A couple of weeks back, you couldn’t move for all the chatter about real-time ray tracing (RTX), with both AMD and, in particular, Nvidia, pushing the photorealistic lighting system hard. The tech demos we saw ranged in quality, but the Star Wars one, in particular, was incredible. Photorealistic textures can be a breeze these days, but it’s the lighting and highly detailed models which can let the overall image quality down. Right then, Nvidia gave us a glimpse of our photorealistic future. But is it the be all and end all of these mighty graphics cards we’ve got lurking in our PCs?

I don’t think there’s any argument that achieving photorealism isn’t important. It’s the holy grail of graphics processing. But, photorealism isn’t the be all and end all. We don’t want to end up in a scenario where every game looks photorealistic. After all, where’s the fun in that? Variety is the spice of life, and while games will inevitably achieve photorealism one day, there’ll be others seeking to do the opposite. To create the unreal.

At its most simple level, we see plenty of developers shy away from photorealism today, whether that’s because of limited budgets, artistic direction, or for the detrimental effect on gameplay that photorealism can have. The more you have on-screen, and the better and more detailed it looks, the harder it becomes to pick out the objects the designers actually want you to see, whether that’s the key on the table or the ledge that’s just within jumping reach.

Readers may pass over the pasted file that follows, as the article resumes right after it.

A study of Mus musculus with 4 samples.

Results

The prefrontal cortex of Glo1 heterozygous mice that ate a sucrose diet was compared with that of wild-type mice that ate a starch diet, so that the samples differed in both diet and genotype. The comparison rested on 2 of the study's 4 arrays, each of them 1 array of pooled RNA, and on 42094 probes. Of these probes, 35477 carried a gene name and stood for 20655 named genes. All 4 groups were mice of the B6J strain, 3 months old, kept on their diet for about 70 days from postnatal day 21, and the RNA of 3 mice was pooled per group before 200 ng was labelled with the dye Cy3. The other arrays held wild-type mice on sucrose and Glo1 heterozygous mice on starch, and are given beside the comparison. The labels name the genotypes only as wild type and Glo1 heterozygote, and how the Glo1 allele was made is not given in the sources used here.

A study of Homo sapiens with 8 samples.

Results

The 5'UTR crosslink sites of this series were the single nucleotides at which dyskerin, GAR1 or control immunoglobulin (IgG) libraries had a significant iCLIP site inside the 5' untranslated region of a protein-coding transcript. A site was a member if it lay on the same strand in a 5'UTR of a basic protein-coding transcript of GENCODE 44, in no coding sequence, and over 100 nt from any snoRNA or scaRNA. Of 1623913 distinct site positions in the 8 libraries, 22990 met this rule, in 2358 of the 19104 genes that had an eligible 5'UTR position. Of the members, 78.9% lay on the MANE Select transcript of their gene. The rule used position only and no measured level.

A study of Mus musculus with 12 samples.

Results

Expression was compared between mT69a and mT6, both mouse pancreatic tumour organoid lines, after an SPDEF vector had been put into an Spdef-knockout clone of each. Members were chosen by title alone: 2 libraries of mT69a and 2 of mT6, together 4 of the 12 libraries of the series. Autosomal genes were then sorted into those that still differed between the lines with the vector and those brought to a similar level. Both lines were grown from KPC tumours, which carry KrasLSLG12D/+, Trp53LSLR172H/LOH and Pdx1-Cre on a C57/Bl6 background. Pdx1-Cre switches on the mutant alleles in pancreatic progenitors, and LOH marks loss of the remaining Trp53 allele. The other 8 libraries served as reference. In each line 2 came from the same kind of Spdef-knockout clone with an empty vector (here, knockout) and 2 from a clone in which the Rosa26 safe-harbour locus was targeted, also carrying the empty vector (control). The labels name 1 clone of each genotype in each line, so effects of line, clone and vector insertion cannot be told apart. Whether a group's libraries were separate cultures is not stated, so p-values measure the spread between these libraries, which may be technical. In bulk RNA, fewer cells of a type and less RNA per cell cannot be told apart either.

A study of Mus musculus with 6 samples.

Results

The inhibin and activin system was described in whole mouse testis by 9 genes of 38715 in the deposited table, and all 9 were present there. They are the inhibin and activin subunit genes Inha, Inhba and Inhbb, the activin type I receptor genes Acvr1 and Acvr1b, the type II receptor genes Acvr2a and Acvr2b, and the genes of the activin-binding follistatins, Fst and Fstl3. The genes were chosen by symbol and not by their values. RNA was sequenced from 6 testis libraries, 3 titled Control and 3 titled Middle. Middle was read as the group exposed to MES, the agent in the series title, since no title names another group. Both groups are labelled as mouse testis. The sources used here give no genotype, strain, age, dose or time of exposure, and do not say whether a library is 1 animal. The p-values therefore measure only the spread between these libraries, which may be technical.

The other chief downsides to photorealism are the immense resource and time costs that will have to go into achieving it. Middleware tools like SpeedTree will help immensely, but budgets are going to soar and it’s just not going to be achievable to create these meticulous, gigantic worlds with any sense of craft or purpose. Some of the most memorable video game worlds are inherently gamified; great for playing through for the very reason that they aren’t logically or realistically based on real-world environments, geography, and architecture.

Couple with this with what we think of when we attempt to identify the best looking games we’ve ever played. I’d take Dishonored over Crysis any day. Ori and the Blind Forest looks, to me, heaps better than Call of Duty: WWII. The Witcher 3, for all its sumptuousness, bathes in the illusory of its environments rather than adhering slavishly to its European influences.

The quest for the real is very much on though, which is why we’ve seen thousands of mods attempting to make Skyrim, a game which is rooted in pure fantasy, look as realistic as possible. Now, these two things aren't distinct. You can have a photorealistic, fantastical looking game, but it becomes an increasingly tricky prospect. Admittedly though, these mods can look fantastic, as shown to me by NeoGamer in the example below. Skyrim isn’t a great looking game for the most part, neither artistically nor realistically, and graphics mods can do a heck of a lot to change this.

So what do you think, should we be on an endless quest for photorealism? Or would you prefer developers let the race for realism take a back seat? Get voting and let us know why below!